Divorcing Wisconsin spouses who may need to split retirement accounts should learn about the qualified domestic relations order. As explained by the United States Department of Labor, a QDRO allows people to legally establish a second payee on some types of retirement accounts that are governed under the Employee Retirement Income Security Act of 1974. This allows that alternate payee to receive either a single distributeion or multiple distributions from that account just as the account owner would.
If you are like many of the others in West Bend that are currently required to fulfill a spousal or child support obligation, then you likely try to stay current with your payments both to remain in the good graces of your children and/or ex and to avoid the potential trouble that missed payments can bring. Yet what if you lose your job or experience some other drastic change of circumstances that affects how much you earn? Fortunately, the law does allow you to have your case revisited in such a situation.
If you and your spouse are choosing to divorce, then you may not have to worry about him or her making off with all of your property in West Bend. Wisconsin is a marital property state, meaning that all marital assets are subject to equal division in a divorce. Yet what about your debts? You and your spouse may a have a shared mortgage, as well as joint credit cards. Is all of this shared equally, as well?
Wisconsin parents who get divorced and have children still at home can never be truly divorced from each other. Even when no longer married, they must still work together to raise their joint children. This may be a challenge indeed but it is possible and the more positively this can be done, the better for parents and children alike.
Dissolving a marriage in Wisconsin can have far-reaching effects, especially if children are involved. While most parents want at least some form of custody over the children and time to spend with them, the facts surrounding custody can be unclear. You may also be unsure about what different custody terms mean and how they will affect your family. Understanding these can be key to asking for what you want in your divorce case.
When it comes to dividing property in Wisconsin, it can be confusing to determine which possessions were solely yours or your spouse’s and which were jointly owned. While you may think you have divvied out all items, there may be several pieces of property that you have overlooked. Forbes lists a few things to remember as you determine what to include in your divorce settlement.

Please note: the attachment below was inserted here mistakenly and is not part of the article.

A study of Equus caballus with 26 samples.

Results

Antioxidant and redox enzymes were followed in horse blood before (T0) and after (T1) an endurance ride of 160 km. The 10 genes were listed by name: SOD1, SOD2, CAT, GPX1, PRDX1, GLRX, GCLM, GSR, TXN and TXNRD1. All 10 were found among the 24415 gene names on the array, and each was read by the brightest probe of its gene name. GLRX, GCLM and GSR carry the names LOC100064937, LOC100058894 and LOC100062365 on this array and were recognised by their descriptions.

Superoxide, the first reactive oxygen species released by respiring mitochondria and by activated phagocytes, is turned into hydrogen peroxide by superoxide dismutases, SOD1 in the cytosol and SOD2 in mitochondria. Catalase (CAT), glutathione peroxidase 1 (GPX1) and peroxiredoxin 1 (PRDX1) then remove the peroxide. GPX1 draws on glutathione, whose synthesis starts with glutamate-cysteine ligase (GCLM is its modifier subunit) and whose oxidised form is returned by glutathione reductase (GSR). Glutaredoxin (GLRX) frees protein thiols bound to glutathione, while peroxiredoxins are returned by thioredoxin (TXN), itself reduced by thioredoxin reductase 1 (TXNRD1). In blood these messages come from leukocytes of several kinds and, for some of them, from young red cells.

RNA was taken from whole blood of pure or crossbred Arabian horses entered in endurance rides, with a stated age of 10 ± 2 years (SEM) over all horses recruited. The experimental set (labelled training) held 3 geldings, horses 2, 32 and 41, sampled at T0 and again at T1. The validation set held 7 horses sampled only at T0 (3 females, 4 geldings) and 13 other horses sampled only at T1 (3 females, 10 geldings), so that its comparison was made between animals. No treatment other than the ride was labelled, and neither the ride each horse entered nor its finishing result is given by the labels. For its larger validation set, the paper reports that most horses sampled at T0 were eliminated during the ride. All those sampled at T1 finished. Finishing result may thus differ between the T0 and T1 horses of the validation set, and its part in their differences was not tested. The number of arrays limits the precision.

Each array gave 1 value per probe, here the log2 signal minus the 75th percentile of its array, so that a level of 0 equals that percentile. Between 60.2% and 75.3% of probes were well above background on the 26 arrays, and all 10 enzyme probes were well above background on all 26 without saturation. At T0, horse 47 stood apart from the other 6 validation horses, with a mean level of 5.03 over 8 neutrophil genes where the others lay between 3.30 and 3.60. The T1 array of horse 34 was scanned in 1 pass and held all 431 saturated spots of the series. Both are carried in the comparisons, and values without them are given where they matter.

Although you think your grandchildren should be raised by their parents, you may sometimes find that it is necessary for them to live with you in Wisconsin. Because custody rights can vary from state to state, it is important to understand what your rights are.
Separating from a romantic partner is usually more difficult if there are children involved - even if the parents are not married. If you were going through a separation from a partner in a common-law relationship, sorting out child custody and parenting or visitation issues would likely be as traumatizing as it is in most divorces. You and your soon-to-be ex-partner may follow many others in similar circumstances and negotiate your own child custody agreement. This can avoid the bitterness and emotional stress of settling these issues in a court.
In Wisconsin, newlyweds and spouses who have been together for a while occasionally encounter conflict in their relationships. However, when the number of bad times outweighs the good, people who originally seemed just right for each other may find themselves questioning why they ever said “I do.” Every marriage has its problems. While some couples can overcome them together, others are not so fortunate. Anyone who is wondering if it is time for them to legally separate from their spouse should take some time to learn how to deal with marital conflict before they find themselves headed for divorce court.
Couples in Wisconsin who are approaching marriage may want to consider the possibility of a prenuptial agreement. Signing a prenup does not mean the couple anticipates a divorce, nor does it mean they have an unstable relationship. Rather, much like insurance, this agreement allows people to be prepared for a scenario which they hope will never happen. It may be wise to set the terms of asset division beforehand so that each partner's wishes are honored.